Tuesday, 19 February 2013
That elusive deserted island
Have you ever thought that if it wasn't for the evening, humanity would go insane? Eight hours of sleep is just about enough to forget about how shitty life is, and to delude yourself into thinking that if you give it one more shot everything will go well this time. Sound depressed? Thanks Dr Freud, lol.
Ok, let's correct that: it's not that life is shitty - it's just that the vast majority of people have been trapped into living shitty lives. Yet we keep ourselves going collectively with lies and dreams for the weekend. My favourite example? A billboard for liquor with a photo of a private jet cruising above a jungle and the catch phrase: "One day you will."
Rubbish. Alcohol certainly won't help you buy a private jet, although it might help you pretend that you might one day own one. How many people are there on earth? How many people have private jets? I rest my case.
The real problem with being pissed off is that it takes energy, and life has a habit of sapping energy - you can't stay pissed off forever, so you end up feeling that maybe it's not as bad as you thought. Until you get pissed off again, write another blog post, watch an episode of Survivor and go to sleep.
Who was the sick bastard who created money, anyway? The only joy with money is spending it - that's the whole reason we worked for it, right? - and yet 'conventional wisdom' is that we should spend it on insurance and towards a retirement ... so that we can buy an over-priced retirement home and eat something better than catfood for the last fifteen years of our life. What choice do we have?
I'm just a product of the system, but that doesn't mean I have to like it. I'm not about to just turn up my stereo and spraypaint hateful phrases about 'The Man' on walls around town either: moaning about not being in power is not a way to acquire power. The same goes for wearing tie-dye shirts and moving into a commune - the catfood route might be a better long-term strategy.
The simple fact is that humans could be so much more productive if they could choose what they wanted to do, instead of filing the paperwork and returning the e-mails and making the phonecalls which keep the corporate world turning. It's a gigantic circle where we're all just passing money from hand to hand, and our valuable time could surely be better spent.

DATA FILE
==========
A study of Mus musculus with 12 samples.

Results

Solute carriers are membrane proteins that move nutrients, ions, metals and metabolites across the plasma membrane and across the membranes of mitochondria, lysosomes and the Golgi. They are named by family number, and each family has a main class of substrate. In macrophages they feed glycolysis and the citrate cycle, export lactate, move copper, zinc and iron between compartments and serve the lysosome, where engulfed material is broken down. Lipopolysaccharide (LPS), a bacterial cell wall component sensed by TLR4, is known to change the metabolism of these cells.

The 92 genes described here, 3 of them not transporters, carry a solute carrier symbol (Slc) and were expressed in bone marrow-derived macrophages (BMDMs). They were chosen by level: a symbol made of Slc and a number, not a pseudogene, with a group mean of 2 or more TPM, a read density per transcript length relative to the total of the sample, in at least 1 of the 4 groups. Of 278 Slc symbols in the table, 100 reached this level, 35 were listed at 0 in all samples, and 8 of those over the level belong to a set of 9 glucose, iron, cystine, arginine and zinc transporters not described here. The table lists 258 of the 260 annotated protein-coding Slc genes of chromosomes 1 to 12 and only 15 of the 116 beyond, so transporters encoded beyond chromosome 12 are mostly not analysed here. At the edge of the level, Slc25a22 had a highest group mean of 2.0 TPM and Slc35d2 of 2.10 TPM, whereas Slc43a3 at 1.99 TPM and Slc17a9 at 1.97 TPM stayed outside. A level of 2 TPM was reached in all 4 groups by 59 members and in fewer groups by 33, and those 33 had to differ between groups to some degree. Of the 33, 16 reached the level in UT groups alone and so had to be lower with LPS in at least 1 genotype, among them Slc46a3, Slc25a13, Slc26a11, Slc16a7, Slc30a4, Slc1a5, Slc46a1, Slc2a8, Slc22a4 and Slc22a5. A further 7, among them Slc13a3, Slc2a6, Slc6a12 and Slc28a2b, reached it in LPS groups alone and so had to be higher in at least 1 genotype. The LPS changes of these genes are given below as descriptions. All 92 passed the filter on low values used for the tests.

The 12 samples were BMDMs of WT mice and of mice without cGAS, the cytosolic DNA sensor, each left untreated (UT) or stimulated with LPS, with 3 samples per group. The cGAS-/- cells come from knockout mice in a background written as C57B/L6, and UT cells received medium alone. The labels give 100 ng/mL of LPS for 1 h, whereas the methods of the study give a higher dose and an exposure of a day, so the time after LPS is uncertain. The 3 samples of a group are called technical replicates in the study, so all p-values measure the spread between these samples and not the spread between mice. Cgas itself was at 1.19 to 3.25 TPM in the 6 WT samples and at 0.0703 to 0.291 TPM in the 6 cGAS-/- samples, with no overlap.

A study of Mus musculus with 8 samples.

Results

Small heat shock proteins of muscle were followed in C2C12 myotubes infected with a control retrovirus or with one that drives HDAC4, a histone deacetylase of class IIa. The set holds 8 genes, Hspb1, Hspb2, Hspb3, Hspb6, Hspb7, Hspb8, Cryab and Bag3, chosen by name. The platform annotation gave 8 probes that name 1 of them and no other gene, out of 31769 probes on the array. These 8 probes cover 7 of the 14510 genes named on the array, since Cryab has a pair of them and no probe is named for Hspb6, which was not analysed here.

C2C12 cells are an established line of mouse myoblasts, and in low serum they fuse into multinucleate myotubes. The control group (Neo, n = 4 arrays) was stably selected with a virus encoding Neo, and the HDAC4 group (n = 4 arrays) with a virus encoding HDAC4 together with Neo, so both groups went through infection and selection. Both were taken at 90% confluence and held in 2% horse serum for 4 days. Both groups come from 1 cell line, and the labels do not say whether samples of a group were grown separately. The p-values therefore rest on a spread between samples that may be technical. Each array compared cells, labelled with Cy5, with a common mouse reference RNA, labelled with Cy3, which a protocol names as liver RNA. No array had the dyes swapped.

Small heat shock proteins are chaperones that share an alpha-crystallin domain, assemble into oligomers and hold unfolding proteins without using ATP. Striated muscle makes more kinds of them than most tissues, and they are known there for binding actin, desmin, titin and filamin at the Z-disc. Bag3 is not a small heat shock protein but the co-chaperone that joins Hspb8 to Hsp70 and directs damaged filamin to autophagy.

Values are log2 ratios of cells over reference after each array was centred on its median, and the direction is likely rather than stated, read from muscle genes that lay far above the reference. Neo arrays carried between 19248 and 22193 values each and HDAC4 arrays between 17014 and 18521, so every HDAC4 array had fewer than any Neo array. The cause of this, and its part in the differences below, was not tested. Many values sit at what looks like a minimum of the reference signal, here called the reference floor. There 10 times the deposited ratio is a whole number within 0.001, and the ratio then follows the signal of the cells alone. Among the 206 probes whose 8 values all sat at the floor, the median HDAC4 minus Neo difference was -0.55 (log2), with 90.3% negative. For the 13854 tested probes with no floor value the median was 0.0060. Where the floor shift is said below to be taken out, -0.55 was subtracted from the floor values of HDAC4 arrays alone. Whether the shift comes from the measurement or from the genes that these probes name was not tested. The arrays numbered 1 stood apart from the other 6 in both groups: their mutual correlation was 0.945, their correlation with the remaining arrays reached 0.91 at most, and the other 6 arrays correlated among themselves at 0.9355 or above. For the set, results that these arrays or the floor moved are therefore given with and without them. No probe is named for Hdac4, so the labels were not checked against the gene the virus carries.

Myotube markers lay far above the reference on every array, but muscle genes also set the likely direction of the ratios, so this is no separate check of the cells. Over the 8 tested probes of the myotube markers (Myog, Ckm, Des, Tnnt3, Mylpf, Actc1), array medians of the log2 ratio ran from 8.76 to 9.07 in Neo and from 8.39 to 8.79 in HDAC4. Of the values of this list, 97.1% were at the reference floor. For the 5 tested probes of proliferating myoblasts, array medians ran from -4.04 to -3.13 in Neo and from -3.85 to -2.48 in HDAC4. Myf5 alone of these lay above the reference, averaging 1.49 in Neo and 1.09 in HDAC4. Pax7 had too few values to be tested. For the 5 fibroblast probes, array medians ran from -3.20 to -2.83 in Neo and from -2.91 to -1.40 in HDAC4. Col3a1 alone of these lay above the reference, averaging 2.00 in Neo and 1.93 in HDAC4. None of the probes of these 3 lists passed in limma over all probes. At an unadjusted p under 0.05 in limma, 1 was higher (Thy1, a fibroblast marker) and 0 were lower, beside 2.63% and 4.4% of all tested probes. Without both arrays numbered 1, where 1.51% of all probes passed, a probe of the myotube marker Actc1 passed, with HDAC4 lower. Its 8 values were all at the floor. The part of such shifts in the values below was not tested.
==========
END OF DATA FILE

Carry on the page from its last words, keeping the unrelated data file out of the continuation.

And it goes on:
Maybe the real problem is television and the Internet. At least in the old days you could convince yourself that the world was filled with mystery, but these days? At best you can tick off items on a list that countless other people have already ticked off, and you've already probably watched other people do or experience on television.
So what about Richard Branson? What about the quest for space, what about the cutting edge of medical research, what about building those amazingly precise machines which operate faultlessly on automated assembly lines? Yes, there are those things, but the whole point is that by the time we realise we should rather have studied to be an engineer or astrophysicist, it's too late to start.
How do we break the cycle? Apart from winning the lottery or other freak incidents of luck. It's not 'breaking the cycle' if it's only us - although don't get me wrong, I wouldn't mind being one of the few. Rather, we need to break the cycle for everybody, and how is that done when you can't get three people to agree on a single question never mind an entire world philosophy.
Life is so multi-faceted, and your satisfaction with it depends purely on where you decide to stop peeling back the layers. I mean, you start off at school, and somehow you manage to finish that. Then you are handed the challenge of 'The Real World', and manage to jump through the hoops of 8-5 work, politics, relationships and budgets. Then you get to my stage, where you wonder, 'What can I do with my life to make the ending a bit more worthwhile than the ending everybody else seems to resign themselves to?'
If you feel you're better than your job, stick up your hand. If you realise that earning more is just going to lead to more expenses, stick up your hand. If you hate buying new things because you have a habit of getting disappointed by whatever you buy the moment you're out of the store, stick up your hand.
I can't tell you what the answer is, but I know that happiness isn't about the size of your TV screen or your job title. Remember how I spoke about exactly this in terms of a Johannesburg street near the start of this blog? I don't want to be 30 and a senior editor, I don't want to be 40 and a managing director, I don't want to be 50 and looking at buying a Porsche and maybe going on that ocean cruise I've always meant to.
I guess I want to work with an awesome team of people to make other people's lives better, to explore and report my findings in a constructive manner, to build something amazing by myself that actually works, and to never have to worry about how many days it is until my payslip comes in again. I guess it's a life as a maverick technician in a nature colony for me then, lol. Unless you happen to know of a good one - just post the details in the comment box below.